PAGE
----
The perfect fortnight for Emma Raducanu has reached its fairytale conclusion, not dropping a set on her way to becoming the first British woman in 44 years to win a Grand Slam singles title.
The 18-year-old has not won a single WTA tour match in her career, but is now 10-1 in Grand Slams. She becomes the first tournament qualifier to win a Grand Slam in the men’s or women’s draw – ever.
At just 18 years of age, she now rises from the 150th ranked player int he world to world number 23 when the rankings are calculated on Monday.
It’s been a rapid rise for the teenager, who completed her school exams just three months ago.
All-teen final sums up Open women’s field
In the first all-teen US Open final since 1999, Great Britain’s Emma Raducanu got away to the faster start over Canada’s Leylah Fernandez.
Her power hitting from the baseline was causing early issues, with Fernandez unable to chase down fearless returns, eventually falling to an early 2-0 disadvantage.
The 19-year-old broke back, but Raducanu was playing at another level with her aggression and dynamic hitting, earning unforced errors and eventually closing out the first set on her fourth set point at 6-4.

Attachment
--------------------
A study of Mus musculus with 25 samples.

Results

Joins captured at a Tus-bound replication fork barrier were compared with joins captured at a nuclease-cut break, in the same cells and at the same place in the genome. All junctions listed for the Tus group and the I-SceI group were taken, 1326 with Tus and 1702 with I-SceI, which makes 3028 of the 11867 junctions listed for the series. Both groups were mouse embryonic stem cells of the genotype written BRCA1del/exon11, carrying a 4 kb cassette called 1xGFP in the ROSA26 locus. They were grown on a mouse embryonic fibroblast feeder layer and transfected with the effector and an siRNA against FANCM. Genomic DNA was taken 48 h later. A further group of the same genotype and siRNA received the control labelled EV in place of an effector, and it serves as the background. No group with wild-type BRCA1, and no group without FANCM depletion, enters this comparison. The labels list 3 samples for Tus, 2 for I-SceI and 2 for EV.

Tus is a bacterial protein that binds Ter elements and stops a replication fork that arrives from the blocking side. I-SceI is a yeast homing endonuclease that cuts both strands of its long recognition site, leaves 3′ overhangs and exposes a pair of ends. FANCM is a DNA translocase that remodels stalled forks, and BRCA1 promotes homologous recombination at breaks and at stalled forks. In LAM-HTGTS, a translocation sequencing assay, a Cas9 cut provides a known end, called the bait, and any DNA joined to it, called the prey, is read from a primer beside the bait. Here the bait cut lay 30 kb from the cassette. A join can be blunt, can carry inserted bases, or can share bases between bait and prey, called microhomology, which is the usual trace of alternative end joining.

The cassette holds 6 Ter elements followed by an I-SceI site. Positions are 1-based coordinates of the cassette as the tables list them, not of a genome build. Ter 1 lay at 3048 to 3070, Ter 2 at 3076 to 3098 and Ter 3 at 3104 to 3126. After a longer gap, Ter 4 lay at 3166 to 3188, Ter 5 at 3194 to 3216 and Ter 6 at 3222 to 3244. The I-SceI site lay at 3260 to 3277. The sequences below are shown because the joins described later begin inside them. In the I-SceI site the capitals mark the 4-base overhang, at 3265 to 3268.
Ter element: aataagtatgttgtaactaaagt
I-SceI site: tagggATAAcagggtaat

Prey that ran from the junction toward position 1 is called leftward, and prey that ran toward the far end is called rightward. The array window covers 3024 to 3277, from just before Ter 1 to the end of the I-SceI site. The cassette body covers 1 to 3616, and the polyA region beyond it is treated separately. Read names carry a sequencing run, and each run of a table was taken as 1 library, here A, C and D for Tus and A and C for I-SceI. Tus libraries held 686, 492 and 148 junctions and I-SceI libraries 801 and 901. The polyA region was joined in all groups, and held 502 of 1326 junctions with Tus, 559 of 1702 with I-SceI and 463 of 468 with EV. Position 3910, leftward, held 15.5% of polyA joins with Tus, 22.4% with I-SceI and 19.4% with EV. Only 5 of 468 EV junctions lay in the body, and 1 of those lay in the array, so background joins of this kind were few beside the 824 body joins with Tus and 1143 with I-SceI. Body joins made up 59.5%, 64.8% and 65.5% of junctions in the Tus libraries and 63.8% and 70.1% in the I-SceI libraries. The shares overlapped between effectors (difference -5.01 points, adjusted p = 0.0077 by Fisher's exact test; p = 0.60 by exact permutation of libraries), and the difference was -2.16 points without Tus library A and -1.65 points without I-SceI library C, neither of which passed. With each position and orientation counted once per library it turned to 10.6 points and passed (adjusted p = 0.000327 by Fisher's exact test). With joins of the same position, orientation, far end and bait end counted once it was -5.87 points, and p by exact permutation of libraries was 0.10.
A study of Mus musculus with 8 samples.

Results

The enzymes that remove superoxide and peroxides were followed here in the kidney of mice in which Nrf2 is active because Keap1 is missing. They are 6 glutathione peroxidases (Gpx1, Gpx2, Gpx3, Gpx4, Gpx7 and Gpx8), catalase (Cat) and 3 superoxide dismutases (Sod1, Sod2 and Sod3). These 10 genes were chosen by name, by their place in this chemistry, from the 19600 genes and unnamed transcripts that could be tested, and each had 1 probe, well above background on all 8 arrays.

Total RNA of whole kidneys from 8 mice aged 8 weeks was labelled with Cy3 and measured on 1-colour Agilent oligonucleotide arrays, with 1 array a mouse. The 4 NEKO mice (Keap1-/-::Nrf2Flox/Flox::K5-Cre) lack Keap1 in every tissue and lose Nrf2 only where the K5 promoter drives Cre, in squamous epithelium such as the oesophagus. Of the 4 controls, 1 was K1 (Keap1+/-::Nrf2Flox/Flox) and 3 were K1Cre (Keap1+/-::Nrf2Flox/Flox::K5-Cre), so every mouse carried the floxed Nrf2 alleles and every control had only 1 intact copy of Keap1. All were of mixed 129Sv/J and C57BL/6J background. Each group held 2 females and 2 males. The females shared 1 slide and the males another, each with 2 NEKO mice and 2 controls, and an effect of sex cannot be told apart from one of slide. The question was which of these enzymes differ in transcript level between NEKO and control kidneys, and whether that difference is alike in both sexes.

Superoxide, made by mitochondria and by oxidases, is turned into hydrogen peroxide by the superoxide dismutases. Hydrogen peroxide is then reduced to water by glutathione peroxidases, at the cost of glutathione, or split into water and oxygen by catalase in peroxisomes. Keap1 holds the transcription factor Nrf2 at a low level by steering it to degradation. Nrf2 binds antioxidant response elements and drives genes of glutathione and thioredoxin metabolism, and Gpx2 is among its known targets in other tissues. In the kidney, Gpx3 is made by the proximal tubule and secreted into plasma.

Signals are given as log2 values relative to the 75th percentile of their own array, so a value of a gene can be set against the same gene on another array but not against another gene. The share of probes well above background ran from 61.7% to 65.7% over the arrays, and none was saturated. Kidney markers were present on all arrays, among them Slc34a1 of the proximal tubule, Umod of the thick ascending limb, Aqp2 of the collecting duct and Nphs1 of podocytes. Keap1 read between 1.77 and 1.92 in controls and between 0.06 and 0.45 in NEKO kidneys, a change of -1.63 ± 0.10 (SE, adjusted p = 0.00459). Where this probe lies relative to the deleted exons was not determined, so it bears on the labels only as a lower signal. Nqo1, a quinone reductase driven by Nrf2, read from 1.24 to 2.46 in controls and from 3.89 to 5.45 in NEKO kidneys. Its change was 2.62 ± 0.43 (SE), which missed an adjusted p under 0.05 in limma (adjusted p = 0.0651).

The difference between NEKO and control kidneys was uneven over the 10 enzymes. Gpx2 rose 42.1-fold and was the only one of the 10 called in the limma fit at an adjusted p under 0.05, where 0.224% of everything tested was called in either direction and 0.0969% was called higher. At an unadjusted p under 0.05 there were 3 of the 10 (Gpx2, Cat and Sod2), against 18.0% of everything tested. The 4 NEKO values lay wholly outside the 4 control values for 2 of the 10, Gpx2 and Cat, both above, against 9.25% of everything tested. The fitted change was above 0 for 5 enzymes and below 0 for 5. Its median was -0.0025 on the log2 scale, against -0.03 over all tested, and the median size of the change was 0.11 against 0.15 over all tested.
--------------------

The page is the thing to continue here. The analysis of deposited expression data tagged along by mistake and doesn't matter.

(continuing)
Fernandez responded resiliently at the beginning of the second set. The left-hander found good angles on her first return game, breaking back emphatically as the tide looked to turn.
But Raducanu would once again turn up the intensity, as she has done for the past fortnight at Flushing Meadows. She rattled off the next four games of the set to take a commanding advantage into a service game for the title at 5-3.
Alining with US Open protocols, a medical timeout was forced upon Raducanu when she scraped her knee, creating a buzz in Arthur Ashe after controveries in previous matches around the use of medical timeouts.
Fernandez took exception to the timeout during a critical juncture after she had won the previous game.
However, this was not one of those situations given the blood protocols, and Raducanu returned to the court in domineering fashion. Her serving was again powerful and she eventually closed her fourth championship point out with a clinical ace out wide.
Her performance was simply breathtaking. Nerves didn’t play a part in the 18-year-old’s game, with Fernandez also standing up to the moment in one of the most historic matches in Grand Slam history.
The women’s bracket could not be more dissimilar to the men’s. Already, there are three women’s Grand Slam champions born in the 2000s (Bianca Andreescu, Barbora Krejčíková, and now Raducanu).
On the men’s side, Daniil Medvedev will tomorrow aim to become just the second men’s player to win a Grand Slam tournament born in the 1990s, after Dominic Thiem. Such is the dominance of Rafael Nadal, Roger Federer, and Novak Djokovic.